The mental state of today's dentist: Part 1

December 29, 2015

Let’s face it: Being a dentist isn’t easy.

Let’s face it: Being a dentist isn’t easy.

You’re not just running a dental practice. You’re running a small business that is also your livelihood. You’re running a small business that requires you to stay up on the latest trends and techniques, hire (and fire) team members who are an extension of you and your business and improve the lives of your patients even if they don’t necessarily want to be in your chair.

At Dental Products Report, we do everything we can to keep you up to speed on the latest dental products and advancements within the industry. It’s one of the reasons we launched Dental Practice Management as a way to help you maintain your business and keep that bottom line strong and growing. Yes, we have done all of that and will continue doing that in 2016. However, to kick off the New Year, we wanted to do something that didn’t look at how dentists were doing clinically or business-wise, but rather how they were feeling about their chosen career and the daily triumphs and struggles they face.


One of the biggest things we wanted to know was why dentists became dentists. As expected, the most popular answer was “a desire to work with and care for patients.” However, one of the biggest surprises was the low number of dentists who answered for “honor and respect accorded to a dentist.”


While Dr. Doniger and many of her colleagues chose their profession to work with patients, they made it very clear to us that their biggest pain point had nothing to do with patient interaction but rather the insurance that many of their patients carry. On a scale of 1-5, we asked dentists to rate their satisfaction with various parts of their day. The highest was “relationship with patients” at 4.56, while the lowest-by far-was insurance reimbursement for the practice, at 2.43. It was the only answer to the questions we offered that fell below 3.0.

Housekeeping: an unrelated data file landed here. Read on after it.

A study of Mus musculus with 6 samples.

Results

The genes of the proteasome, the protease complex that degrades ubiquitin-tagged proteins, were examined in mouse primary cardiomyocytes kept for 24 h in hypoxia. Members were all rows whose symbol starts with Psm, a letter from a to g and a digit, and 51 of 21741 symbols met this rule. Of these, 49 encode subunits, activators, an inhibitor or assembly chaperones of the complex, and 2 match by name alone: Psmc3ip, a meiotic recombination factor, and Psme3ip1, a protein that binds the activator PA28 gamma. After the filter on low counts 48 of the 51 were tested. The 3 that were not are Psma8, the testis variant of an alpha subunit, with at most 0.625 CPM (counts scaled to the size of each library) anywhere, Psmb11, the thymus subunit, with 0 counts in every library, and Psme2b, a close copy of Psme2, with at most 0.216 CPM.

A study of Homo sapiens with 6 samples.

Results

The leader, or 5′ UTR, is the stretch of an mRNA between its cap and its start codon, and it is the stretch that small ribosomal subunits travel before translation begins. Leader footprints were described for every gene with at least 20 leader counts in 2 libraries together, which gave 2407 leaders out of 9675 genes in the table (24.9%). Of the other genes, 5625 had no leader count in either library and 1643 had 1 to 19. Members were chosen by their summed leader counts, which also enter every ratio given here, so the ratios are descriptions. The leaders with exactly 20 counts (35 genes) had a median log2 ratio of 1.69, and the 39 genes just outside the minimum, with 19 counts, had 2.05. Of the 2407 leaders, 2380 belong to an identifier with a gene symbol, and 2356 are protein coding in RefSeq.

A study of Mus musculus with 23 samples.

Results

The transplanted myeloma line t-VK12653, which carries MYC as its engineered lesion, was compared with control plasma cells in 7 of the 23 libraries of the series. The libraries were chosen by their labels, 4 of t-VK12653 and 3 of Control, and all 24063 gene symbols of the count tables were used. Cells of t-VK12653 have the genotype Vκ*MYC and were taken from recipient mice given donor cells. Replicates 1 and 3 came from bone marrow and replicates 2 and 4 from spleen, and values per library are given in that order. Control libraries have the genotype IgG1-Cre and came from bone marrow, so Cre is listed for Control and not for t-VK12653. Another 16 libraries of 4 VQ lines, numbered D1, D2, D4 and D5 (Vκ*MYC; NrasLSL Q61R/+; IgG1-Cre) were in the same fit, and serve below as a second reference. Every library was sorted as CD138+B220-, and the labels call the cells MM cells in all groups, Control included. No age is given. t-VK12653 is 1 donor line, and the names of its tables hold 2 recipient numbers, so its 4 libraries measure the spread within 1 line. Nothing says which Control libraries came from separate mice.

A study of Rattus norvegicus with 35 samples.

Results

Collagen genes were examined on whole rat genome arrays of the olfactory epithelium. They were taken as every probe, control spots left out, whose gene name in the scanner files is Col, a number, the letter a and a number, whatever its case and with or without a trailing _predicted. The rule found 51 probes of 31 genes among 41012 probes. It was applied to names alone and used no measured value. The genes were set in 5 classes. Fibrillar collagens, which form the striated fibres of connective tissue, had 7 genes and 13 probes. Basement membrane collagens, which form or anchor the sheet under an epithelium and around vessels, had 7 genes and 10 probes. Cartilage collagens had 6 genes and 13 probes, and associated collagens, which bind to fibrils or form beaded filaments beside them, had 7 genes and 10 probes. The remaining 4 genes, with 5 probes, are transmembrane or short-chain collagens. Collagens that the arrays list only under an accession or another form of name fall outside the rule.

“The battle with benefit companies has not changed from the inception of coverage,” she continued. “Some companies still have the same $1,000 of coverage as 30 years ago, which will not cover a whole lot of dentistry outside of prevention. We always have to explain that we are the clinical practitioner, deciding with the patient on an appropriate treatment plan, and not the dental benefit company and their monetary restrictions. Patients are always slower to pay professional fees. We ‘don’t need the money.’ Some patients just don’t have the funds to spend on proper dental care. With the onset of discounted dental programs and coupons, we are seeing a decrease in specific sectors of the population. Whereas kids of boomers and Gen Yers had gone to the dentist (covered by their parents), now that they are on their own, they do not consider dental health as a priority, especially if they have no dental benefit.”


We asked Teresa Duncan, DPR’s insurance editor, for her thoughts on the insurance survey results.

“More than half of the survey respondents cited insurance reimbursement as a source of stress in their practices,” she said. “The logical conclusion is that they’re referring to lower or unsatisfactory reimbursement. During my travels around the country, I hear from audiences who are upset with insurance processing, the lowering of rates and the increased scrutiny PPO providers endure. Occasionally, I hear from offices that are satisfied with reimbursement levels, but those plans are few and far between.



One of our respondents summed up a lot of your feelings with his very short answer to an open-ended question on how dentists feel about their jobs: “Dentistry is hard. I try to do the best I can.”

We hear you. It’s our goal this year and beyond to bring you the information we can to lower your stress and raise your level of success.